The UK has become a prime location for IT service and business process outsourcing (BPO) suppliers, according to research carried out by the Centre for Global Sourcing and Services (CGSS) at the Loughborough University School of Business and Economics.
Traditionally, low-cost regions such as India were more attractive, as offshore services supported cost-cutting strategies, but this is changing. Today it is a balance between different factors.
The team at CGSS, led by Professor Ilan Oshri, considered three trends: businesses are looking for more from suppliers and expect a positive impact on their business; the increased complexity of sourcing requires managerial capabilities rather than just technical capabilities; and service providers want to set up operations in lucrative markets.
The research, sponsored by UK Trade and Investment, compared seven locations in Western, Central and Eastern European countries that are seen as the main competitors to the UK for outsourcing services
“The results of our analysis leave no doubt - IT and business process outsourcing vendors would benefit from having operations in the UK,” said Oshri.
There is a current trend seeing businesses having IT services and BPO carried out in nearshore locations, particularly in Central and Eastern Europe. These locations offer highly skilled IT professionals and are in relatively close proximity.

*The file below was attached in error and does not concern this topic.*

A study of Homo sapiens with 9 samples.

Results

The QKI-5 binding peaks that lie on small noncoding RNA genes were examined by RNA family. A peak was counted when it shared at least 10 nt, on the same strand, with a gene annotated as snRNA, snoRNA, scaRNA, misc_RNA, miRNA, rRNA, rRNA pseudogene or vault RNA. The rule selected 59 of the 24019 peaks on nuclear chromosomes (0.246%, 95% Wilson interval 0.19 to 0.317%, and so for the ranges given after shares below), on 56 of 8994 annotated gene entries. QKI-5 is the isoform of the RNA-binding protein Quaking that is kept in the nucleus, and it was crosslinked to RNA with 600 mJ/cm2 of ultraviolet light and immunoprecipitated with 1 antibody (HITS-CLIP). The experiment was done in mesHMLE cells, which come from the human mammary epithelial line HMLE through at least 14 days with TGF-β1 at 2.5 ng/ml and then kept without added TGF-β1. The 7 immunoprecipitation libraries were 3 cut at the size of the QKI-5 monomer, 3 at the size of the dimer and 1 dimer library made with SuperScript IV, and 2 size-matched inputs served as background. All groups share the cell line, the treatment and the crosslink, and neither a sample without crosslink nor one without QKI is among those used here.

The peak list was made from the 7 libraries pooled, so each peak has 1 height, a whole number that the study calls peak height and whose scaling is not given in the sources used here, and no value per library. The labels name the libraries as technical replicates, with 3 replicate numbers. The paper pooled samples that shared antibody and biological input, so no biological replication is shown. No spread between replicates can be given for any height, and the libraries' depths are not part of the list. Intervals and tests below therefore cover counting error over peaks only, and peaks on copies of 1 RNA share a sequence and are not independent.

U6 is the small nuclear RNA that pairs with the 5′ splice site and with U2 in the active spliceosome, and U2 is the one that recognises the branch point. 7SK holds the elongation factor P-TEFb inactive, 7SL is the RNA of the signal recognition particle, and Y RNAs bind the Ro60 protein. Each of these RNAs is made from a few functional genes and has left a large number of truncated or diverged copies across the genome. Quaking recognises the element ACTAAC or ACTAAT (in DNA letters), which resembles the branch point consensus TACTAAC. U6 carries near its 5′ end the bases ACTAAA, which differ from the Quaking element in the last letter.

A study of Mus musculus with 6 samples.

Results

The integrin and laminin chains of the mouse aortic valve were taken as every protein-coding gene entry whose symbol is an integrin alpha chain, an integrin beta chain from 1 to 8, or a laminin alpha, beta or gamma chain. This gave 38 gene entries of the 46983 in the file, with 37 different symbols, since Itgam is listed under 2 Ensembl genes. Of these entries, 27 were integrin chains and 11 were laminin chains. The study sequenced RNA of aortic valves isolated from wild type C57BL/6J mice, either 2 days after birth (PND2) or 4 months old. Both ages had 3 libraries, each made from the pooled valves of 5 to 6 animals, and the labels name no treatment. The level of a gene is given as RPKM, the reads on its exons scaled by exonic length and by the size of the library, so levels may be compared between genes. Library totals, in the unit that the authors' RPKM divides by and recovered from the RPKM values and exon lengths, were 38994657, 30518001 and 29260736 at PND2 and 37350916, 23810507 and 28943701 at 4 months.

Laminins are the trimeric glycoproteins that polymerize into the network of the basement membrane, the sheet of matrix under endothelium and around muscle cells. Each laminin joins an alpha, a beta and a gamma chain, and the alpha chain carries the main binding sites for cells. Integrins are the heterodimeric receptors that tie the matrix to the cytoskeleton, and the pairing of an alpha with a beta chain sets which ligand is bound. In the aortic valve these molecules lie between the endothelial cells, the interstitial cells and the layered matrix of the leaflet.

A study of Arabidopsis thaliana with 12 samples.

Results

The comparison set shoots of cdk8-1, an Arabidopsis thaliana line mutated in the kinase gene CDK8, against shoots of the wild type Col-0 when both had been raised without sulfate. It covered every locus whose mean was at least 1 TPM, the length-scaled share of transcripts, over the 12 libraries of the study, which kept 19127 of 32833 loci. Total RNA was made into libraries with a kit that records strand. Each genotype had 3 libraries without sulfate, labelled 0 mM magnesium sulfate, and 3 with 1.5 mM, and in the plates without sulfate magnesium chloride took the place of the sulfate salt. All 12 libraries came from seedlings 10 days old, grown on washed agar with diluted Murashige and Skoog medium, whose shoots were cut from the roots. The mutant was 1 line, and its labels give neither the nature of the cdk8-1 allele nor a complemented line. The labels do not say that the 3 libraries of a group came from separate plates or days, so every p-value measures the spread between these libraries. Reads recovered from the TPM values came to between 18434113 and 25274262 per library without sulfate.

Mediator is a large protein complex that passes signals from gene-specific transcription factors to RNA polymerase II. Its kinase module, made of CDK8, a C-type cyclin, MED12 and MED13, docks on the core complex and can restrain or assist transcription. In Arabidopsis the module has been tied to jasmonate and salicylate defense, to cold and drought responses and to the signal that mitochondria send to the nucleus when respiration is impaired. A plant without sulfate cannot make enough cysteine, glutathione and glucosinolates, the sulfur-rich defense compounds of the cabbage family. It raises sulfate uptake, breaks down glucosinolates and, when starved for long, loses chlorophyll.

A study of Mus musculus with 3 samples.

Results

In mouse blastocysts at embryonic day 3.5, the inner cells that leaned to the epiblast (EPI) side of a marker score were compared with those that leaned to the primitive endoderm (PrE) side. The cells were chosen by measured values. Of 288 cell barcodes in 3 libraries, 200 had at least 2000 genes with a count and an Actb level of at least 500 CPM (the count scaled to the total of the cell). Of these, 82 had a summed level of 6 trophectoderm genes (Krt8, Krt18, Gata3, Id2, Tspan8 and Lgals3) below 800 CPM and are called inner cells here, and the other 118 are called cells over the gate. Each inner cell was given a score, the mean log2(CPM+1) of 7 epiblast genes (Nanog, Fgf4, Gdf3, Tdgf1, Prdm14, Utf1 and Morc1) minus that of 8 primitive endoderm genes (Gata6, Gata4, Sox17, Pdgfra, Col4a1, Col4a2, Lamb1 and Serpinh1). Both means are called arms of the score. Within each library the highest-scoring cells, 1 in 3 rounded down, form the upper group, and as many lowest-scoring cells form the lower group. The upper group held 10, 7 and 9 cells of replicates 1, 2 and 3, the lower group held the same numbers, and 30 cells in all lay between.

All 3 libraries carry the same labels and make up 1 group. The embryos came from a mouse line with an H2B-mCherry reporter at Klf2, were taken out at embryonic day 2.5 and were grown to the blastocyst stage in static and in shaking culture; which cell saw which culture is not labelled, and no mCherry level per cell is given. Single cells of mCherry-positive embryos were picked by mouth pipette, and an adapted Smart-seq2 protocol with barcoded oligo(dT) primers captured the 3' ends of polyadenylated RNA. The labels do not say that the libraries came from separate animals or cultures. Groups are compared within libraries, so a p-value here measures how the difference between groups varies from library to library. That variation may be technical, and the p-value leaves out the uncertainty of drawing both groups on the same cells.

“Can the UK compete with Central Eastern European countries on outsourcing services? Yes, it can, but that depends on the line of services and the value delivered from the outsourcing engagement,” said Oshri.
“All the vendors we interviewed have been ramping up operations in the UK and some are looking to add 15% new employees to their UK-based workforce. The new strategy pursued by vendors is also changing the nature of competition from a pure cost-based one to a hybrid mode in which advanced skills coupled by premium price are becoming the winning formula, though this can be compensated by large scale. In this regard, certain regions in the UK are well positioned to win in some outsourcing service segments, such as contact centres."
But Oshri warned that conclusions of the study do not guarantee that the UK will continue to attract investments from the service industry.
“Current and future governments need to pay attention to threats such as for the lack of talent mobility in rural areas and the development of centres of excellence in Europe , such as Germany’s emergence as a shared service centres hub,” he said.